The Vatican on Jan. 12 rejected reports that it could be the next target of Islamist terrorists after last week’s deadly attacks in France. The move came as Pope Francis called for a “unanimous” global response to the self-declared Islamic State as he left on his first official visit to the Philippines and Sri Lanka.
Israeli state TV reported Sunday that U.S. intelligence services had warned the Vatican could be the next terrorist target, as international leaders joined an estimated 2 million people in a massive anti-terrorism rally in Paris, but the Vatican’s chief spokesman, the Rev. Federico Lombardi, on Monday said the Holy See had received no specific threats.
“We are adopting an attitude of caution and attention, but there is no sign of any specific risks,” Lombardi said.
“The Vatican and the pope may be targets, as are naturally all institutions in Italy and the rest of Europe. But it is not opportune to feed a state of particular alarm, because at the moment it is neither justified or well-founded,” he said.
Earlier Monday, the pope addressed diplomats to the Holy See and condemned the “unjust aggression” that Islamists had unleashed against Christians and other religious and ethnic minorities in Syria and Iraq. Once again, he urged Muslim political and religious leaders to condemn any “extremist interpretation of religion” aimed at justifying violence.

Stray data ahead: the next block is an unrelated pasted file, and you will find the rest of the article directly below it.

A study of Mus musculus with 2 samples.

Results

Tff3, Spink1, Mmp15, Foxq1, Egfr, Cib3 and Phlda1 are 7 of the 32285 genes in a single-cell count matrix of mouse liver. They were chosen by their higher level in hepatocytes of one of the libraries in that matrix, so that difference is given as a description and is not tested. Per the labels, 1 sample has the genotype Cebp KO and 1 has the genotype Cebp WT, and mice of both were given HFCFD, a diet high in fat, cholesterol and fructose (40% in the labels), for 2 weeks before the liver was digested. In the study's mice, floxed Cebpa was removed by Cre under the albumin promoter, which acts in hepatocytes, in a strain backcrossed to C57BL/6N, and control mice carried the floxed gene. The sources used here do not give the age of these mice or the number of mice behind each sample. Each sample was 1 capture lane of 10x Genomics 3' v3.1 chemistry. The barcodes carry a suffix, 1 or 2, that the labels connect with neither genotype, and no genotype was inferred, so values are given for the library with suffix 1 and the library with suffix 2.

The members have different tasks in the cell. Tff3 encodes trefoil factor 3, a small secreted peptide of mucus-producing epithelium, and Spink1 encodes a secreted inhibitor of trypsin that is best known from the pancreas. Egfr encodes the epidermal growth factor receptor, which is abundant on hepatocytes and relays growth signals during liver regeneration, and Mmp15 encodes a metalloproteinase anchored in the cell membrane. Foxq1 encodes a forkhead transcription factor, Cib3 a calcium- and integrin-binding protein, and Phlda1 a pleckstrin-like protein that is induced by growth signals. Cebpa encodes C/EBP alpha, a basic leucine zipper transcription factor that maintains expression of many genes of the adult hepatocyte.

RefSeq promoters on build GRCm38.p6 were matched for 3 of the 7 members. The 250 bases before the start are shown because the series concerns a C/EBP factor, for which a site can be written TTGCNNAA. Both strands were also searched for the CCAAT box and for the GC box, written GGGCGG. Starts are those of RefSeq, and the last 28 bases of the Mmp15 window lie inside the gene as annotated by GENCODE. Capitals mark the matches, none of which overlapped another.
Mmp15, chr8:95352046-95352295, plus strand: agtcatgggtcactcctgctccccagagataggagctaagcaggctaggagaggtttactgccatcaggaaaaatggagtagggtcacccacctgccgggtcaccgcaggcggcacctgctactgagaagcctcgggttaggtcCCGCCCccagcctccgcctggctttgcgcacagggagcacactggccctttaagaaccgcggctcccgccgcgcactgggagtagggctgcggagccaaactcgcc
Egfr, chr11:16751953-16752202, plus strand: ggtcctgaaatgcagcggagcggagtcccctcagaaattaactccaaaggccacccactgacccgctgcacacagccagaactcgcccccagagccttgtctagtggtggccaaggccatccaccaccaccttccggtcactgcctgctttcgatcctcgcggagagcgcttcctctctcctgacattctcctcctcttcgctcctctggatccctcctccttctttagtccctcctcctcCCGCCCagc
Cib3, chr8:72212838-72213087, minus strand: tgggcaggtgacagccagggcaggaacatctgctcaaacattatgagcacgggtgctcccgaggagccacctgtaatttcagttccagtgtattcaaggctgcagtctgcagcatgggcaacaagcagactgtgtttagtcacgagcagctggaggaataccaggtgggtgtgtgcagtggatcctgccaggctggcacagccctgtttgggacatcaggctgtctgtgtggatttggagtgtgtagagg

The 78-year-old pontiff also warned of the risks posed by what he called “deviant forms of religion” following deadly attacks by Islamist militants in France last week that left 17 people dead as well as three terrorists.
“Losing their freedom, people become enslaved, whether to the latest fads, or to power, money, or even deviant forms of religion,” he said. He blamed the attacks on “a culture of rejection” that leads to alienation and the breakdown of society.
“We see painful evidence of this in the events reported daily in the news, not least the tragic slayings which took place in Paris a few days ago,” he said in his annual speech to the diplomatic corps.
Italian Interior Minister Angelino Alfano and senior Italian police said there was no evidence of a particular threat at the Vatican but stressed that the tiny city state was on high alert, especially following persistent threats from the Islamic State.
Security has also been beefed up in Rome’s Jewish quarter, in front of media outlets and places of worship, and at popular tourist sites across the country.